UMass' Downey tackles dual role
AMHERST — Da’Sean Downey has led a defensive resurgence on the UMass football team.
The 6-foot-4, 330-pound senior end from White Plains, N.Y., is a hybrid quarterback hound who is equally comfortable attacking the edge from outside linebacker.
The Minutemen (0-5) will need another sound defensive performance from Downey when they take on Ohio University (3-1) in a clash of former MAC rivals this afternoon (3:30) at McGuirk Alumni Stadium.
“He’s been all in and he’s been physical and he brings a lot of energy,” said UMass coach Mark Whipple. “He has shown a lot more leadership than he has and I’m excited about where he is headed.
“He is such a smart player that we can put him in different positions and move him around. He can play coverage on one play and spy him on the quarterback on the next because he is our best pass rusher off the edge.”
Downey is improving on his work from last season when he was ninth in the nation with four forced fumbles and led the Minutemen with 8.5 tackles for loss. In four games this season, Downey has 24 tackles, 6.5 tackles for loss and three sacks.
“My speed is my advantage from moving from linebacker to defensive end,” said Downey. “Just the way we move gaps and things it confuses the (offensive) line and that is why we have had so many TFLs the last couple of weeks.”
The Minutemen are winless this season because they haven’t had the defense and the offense show up at the same time. The offense, under the direction of quarterback Andrew Ford, put up 63 combined points in consecutive losses to Hawaii and Coastal Carolina only to have the defense fall flat in the fourth quarter.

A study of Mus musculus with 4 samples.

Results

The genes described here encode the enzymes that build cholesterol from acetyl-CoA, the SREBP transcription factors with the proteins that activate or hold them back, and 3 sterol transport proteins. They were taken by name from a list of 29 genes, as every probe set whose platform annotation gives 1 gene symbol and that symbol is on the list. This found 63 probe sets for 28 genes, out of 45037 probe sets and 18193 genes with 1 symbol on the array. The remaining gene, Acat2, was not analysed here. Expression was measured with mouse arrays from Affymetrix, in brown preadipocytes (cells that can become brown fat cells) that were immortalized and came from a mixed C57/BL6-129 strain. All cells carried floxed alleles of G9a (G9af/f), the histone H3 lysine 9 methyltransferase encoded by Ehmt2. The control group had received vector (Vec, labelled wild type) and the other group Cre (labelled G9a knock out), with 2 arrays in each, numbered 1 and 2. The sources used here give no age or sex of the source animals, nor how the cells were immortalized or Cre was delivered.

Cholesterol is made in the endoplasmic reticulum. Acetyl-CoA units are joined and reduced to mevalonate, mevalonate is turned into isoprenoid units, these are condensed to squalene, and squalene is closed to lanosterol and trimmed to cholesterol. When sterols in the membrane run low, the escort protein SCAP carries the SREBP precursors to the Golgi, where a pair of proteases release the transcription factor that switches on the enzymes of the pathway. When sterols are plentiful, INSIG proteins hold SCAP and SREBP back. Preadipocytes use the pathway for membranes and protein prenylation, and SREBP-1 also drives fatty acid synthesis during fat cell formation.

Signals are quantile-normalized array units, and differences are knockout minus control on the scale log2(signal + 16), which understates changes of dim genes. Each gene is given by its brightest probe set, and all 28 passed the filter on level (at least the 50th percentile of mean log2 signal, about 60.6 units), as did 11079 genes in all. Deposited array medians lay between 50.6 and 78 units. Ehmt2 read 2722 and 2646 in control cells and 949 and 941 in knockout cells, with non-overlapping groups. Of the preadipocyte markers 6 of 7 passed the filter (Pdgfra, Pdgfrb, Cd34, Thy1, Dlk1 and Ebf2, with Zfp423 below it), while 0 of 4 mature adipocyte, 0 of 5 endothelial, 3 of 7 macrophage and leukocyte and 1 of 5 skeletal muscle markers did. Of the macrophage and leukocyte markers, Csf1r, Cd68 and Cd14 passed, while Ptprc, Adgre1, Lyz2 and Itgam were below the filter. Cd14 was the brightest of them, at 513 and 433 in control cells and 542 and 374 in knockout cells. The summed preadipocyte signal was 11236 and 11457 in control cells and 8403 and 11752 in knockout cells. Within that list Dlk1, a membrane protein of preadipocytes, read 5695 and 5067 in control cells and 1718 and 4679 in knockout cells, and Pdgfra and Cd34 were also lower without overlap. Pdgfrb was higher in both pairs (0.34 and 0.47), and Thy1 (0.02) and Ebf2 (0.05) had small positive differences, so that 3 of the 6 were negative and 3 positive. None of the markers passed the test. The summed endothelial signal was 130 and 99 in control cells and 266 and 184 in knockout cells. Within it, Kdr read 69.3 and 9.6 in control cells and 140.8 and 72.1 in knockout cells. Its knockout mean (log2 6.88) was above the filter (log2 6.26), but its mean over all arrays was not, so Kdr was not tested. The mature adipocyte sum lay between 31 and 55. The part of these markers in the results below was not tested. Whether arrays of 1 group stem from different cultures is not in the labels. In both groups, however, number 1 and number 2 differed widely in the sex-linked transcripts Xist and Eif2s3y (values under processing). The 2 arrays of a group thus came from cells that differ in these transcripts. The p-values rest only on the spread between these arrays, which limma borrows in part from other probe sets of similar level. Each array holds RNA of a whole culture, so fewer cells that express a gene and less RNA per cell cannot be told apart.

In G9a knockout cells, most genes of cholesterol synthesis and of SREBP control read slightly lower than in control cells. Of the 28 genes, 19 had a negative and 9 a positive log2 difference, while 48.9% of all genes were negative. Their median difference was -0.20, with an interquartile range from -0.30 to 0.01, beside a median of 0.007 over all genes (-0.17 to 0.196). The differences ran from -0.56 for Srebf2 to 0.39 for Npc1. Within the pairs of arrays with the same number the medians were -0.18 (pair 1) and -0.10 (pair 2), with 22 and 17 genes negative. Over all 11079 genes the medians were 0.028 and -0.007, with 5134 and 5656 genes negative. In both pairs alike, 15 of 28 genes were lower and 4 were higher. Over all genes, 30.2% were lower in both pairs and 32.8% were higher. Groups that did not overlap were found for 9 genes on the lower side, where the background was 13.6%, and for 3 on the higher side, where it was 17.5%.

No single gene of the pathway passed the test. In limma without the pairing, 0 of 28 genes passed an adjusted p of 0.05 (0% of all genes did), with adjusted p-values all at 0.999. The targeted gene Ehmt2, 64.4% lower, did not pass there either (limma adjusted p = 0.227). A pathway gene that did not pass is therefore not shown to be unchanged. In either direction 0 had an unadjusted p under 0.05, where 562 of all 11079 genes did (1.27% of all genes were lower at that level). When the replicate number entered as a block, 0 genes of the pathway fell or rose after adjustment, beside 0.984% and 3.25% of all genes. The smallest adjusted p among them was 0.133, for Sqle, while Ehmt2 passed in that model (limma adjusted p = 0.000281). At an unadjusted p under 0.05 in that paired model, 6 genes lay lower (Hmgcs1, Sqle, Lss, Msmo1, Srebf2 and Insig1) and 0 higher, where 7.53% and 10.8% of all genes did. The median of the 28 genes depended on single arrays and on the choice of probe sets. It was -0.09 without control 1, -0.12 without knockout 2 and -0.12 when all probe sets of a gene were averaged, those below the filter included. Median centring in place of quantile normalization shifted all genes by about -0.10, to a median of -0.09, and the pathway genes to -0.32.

The defense found its groove and began making plays in a 17-7 loss to Old Dominion on Sept. 9. The unit became hyper aggressive with 23 combined tackles for loss in road defeats at Temple (29-21) and Tennessee (17-13). In their three previous losses, the Minutemen had only 11 TFLs. Downey was in on the action with two against the Owls and Vols.
“I feel like everybody is buying into the defense,” Downey said. “We were executing poor in the first two games and it was like somebody wasn’t doing their job and the next person thought they had to do something else.
“When we would get out of our gaps that’s when we gave up big plays and things like that. Everybody is 100 percent committed and they trust everyone else to do their job.”
The Bobcats offense is led by quarterback Nathan Rourke, an efficient pocket passer who can scramble and throw on the run. Rourke has completed 52of-81 passes for 632 yards and five touchdowns with no interceptions.
“He is a sneaky athlete and he can run,” Downey said. “We are going to have to be focused and wrapping him up and attack him in different ways.
“We have to go out there and execute what we’ve been doing during the week, watch film and watch personnel and know their tendencies. You have to do all the different things like that and we are really focused this week.”